2 September 2015 (Wed)
6:00 - 8:00


Conservation Education Centre - Guthrie Road


Ali Cotton, Lecturer in Conservation Science

Insights into the social behaviour & conservation of bonobos. Dr Zanna Clay, University of Birmingham.

Despite being our closest living relatives, bonobos remain the least understood of the great apes, largely remaining in the shadow of their better-known cousin, the chimpanzee. Nevertheless, being so closely related to humans, they provide important insights into our own evolutionary past.

In this evening lecture, I will talk about my experiences working and studying bonobos in the Democratic Republic of Congo. My research focuses on studying bonobos to answer evolutionary questions, namely the evolution of language, communication and empathy. Despite their important links to our own past, bonobos have become critically endangered and are now under threat of extinction. This evening, I will discuss the conservation status of bonobos in Congo, what is being done to help save them and where to go from here.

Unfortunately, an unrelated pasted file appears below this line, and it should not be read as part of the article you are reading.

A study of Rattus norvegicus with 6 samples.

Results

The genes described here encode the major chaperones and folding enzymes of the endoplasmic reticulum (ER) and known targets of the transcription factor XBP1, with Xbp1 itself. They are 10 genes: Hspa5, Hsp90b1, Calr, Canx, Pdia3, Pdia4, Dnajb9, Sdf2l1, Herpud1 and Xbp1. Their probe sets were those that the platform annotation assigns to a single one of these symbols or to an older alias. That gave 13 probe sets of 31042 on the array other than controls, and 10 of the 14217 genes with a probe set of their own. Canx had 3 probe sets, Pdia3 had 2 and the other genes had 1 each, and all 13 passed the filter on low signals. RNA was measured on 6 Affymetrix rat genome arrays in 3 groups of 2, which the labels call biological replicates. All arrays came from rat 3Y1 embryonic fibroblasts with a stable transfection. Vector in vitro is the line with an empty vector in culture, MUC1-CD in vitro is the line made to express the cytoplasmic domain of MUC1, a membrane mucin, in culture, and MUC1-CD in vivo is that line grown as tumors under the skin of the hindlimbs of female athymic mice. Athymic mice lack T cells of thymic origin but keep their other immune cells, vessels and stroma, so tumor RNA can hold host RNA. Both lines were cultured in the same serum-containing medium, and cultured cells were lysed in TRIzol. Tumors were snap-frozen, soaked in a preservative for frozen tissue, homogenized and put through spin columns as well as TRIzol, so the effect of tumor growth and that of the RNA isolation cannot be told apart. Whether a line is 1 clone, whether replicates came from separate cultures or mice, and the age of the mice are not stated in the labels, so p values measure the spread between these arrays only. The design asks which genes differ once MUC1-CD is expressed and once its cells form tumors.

DATE: Wed 2nd September 2015 6pm
LOCATION: Conservation Education Centre - Guthrie Road
INFORMATION: If you would like to join our emailing list, please contact Ali using the details below:

Ali Cotton
Lecturer in Conservation Science
E: This email address is being protected from spambots. You need JavaScript enabled to view it.
T: 0117 974 7382

Please note that we do not have seat reservations for these events, so please arrive in good time to secure a seat.